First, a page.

Artisanal diamond divers in the spotlight

Sonia Esther Soltani

Filmmaker Laurent Cartier follows the determined men who search Sierra Leone’s Sewa River for natural diamonds.

Fifty-year old John is a diamond diver in Sierra Leone, one of a few hundred or thousand such divers out of some 1.5 million artisanal miners worldwide. His work is arduous: Going 5 to 10 meters underwater without a mask, he relies on his teammates and his faith. Divers do not enter the river without a prayer to Allah — and the unshakable conviction that they will find something.

You can work, you can fail. But the day you find, you’ll prosper. Sometimes you can be unlucky for one or two months, but one day, when you find a diamond, you’ll forget all that time that you failed,” John tells Dr. Laurent Cartier in the short film The Divers of Sewa.

The nine-minute documentary by Cartier — a sustainability expert, project manager at the Swiss Gemmological Institute (SSEF), and lecturer — captures this little-known way of looking for diamonds. As a student back in 2007, Cartier spent four weeks backpacking in Sierra Leone, where he encountered diamond divers for the first time. Although he wasn’t particularly interested in the gemstones then, he was intrigued by the mining process and has wanted to share the divers’ story ever since.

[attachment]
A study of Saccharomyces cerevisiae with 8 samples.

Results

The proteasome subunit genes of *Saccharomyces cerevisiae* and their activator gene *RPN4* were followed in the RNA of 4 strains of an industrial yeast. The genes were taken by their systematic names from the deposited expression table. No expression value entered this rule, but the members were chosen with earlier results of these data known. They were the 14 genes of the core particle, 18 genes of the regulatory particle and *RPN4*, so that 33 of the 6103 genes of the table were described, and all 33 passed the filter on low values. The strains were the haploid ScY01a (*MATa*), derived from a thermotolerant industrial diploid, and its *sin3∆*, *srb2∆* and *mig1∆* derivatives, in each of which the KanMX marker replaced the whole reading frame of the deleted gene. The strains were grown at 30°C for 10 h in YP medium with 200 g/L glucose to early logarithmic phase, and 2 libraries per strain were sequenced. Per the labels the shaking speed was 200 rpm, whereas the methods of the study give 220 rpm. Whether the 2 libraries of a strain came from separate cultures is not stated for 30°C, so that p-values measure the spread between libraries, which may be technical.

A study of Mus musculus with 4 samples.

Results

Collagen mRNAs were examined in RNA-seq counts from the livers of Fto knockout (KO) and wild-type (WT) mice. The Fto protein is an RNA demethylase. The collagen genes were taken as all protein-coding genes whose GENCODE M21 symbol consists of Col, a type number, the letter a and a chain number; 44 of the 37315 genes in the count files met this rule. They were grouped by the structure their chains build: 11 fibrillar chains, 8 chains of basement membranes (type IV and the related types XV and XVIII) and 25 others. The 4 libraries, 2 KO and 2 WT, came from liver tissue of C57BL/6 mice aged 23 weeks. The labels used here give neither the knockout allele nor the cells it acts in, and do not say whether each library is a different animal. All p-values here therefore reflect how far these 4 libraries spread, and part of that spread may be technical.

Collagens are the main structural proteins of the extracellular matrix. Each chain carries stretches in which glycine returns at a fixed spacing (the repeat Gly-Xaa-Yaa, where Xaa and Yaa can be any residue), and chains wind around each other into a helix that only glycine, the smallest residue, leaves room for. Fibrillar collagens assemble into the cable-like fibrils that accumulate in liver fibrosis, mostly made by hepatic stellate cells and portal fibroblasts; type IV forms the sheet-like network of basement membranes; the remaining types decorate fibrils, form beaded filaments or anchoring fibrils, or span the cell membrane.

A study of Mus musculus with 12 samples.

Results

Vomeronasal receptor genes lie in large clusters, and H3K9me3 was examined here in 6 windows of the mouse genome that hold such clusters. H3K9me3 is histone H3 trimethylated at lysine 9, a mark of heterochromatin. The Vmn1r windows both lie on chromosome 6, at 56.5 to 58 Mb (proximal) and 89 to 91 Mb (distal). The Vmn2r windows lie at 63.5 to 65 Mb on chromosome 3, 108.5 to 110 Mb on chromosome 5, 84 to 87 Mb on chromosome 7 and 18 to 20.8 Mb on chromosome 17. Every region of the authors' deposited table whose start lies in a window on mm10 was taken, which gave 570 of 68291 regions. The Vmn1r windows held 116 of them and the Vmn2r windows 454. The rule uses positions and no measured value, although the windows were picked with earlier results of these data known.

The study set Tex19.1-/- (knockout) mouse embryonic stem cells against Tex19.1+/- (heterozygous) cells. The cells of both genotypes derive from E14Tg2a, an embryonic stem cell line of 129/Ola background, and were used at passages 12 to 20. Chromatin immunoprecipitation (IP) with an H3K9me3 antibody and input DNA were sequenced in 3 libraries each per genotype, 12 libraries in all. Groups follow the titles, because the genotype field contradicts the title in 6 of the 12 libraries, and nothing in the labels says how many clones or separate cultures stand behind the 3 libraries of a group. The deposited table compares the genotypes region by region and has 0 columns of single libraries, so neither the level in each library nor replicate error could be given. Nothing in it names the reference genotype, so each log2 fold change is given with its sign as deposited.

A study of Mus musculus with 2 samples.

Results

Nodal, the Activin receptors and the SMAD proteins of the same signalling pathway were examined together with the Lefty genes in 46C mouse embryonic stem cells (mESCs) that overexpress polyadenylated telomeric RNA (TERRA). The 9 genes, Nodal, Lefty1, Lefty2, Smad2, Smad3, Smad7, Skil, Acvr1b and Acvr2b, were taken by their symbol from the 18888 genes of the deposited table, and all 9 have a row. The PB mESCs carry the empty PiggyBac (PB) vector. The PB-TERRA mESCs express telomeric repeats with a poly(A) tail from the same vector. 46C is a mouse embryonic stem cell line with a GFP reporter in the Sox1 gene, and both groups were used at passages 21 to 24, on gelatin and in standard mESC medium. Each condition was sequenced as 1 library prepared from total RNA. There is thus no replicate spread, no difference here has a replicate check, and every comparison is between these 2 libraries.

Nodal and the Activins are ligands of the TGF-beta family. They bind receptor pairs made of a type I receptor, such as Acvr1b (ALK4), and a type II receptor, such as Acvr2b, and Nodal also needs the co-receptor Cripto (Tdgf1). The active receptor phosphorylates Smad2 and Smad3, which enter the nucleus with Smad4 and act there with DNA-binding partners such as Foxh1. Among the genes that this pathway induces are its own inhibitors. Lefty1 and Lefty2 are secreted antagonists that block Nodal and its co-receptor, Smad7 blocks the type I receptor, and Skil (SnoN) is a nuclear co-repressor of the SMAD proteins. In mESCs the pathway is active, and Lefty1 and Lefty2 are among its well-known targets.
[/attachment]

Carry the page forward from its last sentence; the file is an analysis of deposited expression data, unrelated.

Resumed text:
Plumbing the depths

Most of the artisanal mining in Sierra Leone takes place in the river beds, where those who sort through the gravel can work even during the rainy season. But the divers are limited to the dry season, which only lasts four to five months a year. However short their window of opportunity is, notes Cartier, “the big difference is that these divers actually have a chance every single day of finding something,” since the bottom of the river has deeper layers.

He insists he didn’t want to portray the miners he follows — John; Umaru, 47; Ibrahim, 33; Dauda, 35; and Mohamed, 18 — as aspiring overnight millionaires. During the rest of the year, they farm the land, viewing diamond diving as “a way to potentially get some money, feed their families and get their kids to go to school and have a better future.”

Far from romanticizing this unusual sourcing method, the filmmaker follows the men through all the rigorous labor it entails: Diving from the wooden boat that carries their team and the compressor they use to pump air, resurfacing with a bucket full of gravel from the bottom of the river, and later sifting through their haul. It takes expertise to recognize diamonds in the mixture.

The human story

What shines through in The Divers of Sewa is the pride they take in their challenging work. This doesn’t mean artisanal mining conditions can’t be improved, Cartier points out. But it’s a complex question that calls for a thoughtful approach and an understanding of the local conditions.